One of the most enigmatic performers of the 20th century, Arturo Benedetti Michelangeli was also one of the most compelling and, paradoxically, one of the least-heard pianists of his generation. Michelangeli was famous for having canceled nearly as many performances as he gave, and he committed little of his vast repertory to disc.
Michelangeli was born on January 5, 1920, in Orzinuovi, Italy. His father was a dedicated amateur musician who introduced young Benedetti to the art. After early studies on the violin, Michelangeli took up the piano, entering the Milan Conservatory at the age of ten.
In 1939 Michelangeli's concert career began in earnest after he claimed top honors at the International Piano Competition in Geneva. Of his triumphant performance at the competition, no less a luminary than the great Alfred Cortot exclaimed, "A new Liszt is born!" Service in the Italian Air Force during World War II interrupted Michelangeli's career; taking the stage again at war's end, however, he soon earned a place among the top performers of the day.
In 1960 Michelangeli performed Beethoven's "Emperor" Concerto in Vatican City for the Pope. A triumphant 1964 appearance in Moscow reportedly had the audience in an uproar, and in 1965 Michelangeli became one of the first Western artists to concertize extensively in Asia.
In the 1970s and 1980s he made fewer and fewer concert appearances, owing both to consistent health troubles and his growing aversion to public display. During a performance in Bordeaux in October 1988 he suffered an aortic aneurysm onstage; nevertheless, he resumed performing the following season. He gave his last public performance in 1990 and died five years later died from the chronic medical problems that had plagued him since childhood.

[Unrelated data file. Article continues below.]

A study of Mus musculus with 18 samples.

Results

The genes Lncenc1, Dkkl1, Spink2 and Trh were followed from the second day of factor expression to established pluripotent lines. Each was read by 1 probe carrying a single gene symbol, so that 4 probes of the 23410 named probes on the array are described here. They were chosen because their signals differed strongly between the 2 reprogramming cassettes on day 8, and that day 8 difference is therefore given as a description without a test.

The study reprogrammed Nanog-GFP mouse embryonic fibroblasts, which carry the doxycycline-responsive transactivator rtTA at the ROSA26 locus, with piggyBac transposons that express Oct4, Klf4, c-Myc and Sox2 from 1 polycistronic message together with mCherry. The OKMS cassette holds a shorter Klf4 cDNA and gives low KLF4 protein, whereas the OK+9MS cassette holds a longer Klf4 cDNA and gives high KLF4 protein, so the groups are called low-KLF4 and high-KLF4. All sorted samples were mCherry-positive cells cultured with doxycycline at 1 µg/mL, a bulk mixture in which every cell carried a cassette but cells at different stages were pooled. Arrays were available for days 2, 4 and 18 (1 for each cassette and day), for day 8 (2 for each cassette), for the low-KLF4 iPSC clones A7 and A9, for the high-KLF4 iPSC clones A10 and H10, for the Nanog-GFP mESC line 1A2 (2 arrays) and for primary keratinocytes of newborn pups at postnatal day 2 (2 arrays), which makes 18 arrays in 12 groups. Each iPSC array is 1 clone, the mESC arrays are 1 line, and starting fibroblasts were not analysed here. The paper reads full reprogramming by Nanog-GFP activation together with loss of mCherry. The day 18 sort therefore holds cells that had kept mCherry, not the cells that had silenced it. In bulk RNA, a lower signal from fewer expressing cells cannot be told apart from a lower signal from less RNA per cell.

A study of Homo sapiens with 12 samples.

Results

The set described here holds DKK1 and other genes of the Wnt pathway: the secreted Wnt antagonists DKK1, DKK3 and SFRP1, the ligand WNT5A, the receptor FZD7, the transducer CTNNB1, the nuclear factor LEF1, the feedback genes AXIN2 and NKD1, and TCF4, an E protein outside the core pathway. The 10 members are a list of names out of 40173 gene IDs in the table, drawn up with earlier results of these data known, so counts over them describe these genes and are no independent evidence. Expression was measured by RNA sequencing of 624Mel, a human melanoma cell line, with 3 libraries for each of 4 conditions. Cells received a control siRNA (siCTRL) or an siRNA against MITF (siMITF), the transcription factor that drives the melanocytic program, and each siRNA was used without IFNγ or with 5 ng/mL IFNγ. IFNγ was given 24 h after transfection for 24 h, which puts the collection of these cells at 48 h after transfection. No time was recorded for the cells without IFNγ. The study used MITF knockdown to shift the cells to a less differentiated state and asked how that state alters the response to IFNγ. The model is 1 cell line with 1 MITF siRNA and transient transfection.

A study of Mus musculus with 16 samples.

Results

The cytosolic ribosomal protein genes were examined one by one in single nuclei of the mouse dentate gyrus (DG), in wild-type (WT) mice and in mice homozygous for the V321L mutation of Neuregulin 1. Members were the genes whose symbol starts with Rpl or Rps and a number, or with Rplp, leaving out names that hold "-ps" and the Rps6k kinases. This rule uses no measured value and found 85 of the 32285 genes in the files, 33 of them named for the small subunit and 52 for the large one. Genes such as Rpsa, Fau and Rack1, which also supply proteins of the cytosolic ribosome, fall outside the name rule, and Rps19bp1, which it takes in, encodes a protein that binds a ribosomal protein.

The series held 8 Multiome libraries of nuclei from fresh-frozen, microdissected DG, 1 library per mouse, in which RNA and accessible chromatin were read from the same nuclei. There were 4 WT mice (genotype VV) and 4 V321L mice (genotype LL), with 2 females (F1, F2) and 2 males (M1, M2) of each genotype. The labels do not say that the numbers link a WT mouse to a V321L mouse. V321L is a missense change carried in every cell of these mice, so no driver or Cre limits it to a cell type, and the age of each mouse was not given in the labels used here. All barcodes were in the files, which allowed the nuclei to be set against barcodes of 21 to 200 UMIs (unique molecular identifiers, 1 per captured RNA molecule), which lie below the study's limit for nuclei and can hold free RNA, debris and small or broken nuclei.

Michelangeli regarded the life of a concert pianist as one of labor. His own schedule included upwards of ten hours of practice a day; he suggested to his pupils that they cease practicing only when the pain in the fingers and shoulders became too great for them to continue. Michelangeli took his role as a mentor very seriously; he held various teaching positions in Italy and throughout Europe, and included Martha Argerich and Maurizio Pollini among his pupils.
To many Michelangeli's playing was the ideal blend of technique and uncanny musical depth. His subtlety, revealed in such masterly recordings as Brahms' Paganini Variations, is in restraint and detachment -- calculated to temper power and fury, not to replace it. His performances of Mozart, Haydn, and Scarlatti are particularly esteemed.
Michelangeli never wholly embraced life as a concert artist. He felt that to pour such adulation on a performer was a disgrace, and that it distracted the performer from the very essence of his duty. A deeply private man, Michelangeli had a tendency to distort the truth during interviews, making it difficult for musicologists and historians to build an accurate portrait of his life; he will likely remain a fascinating, little-understood man.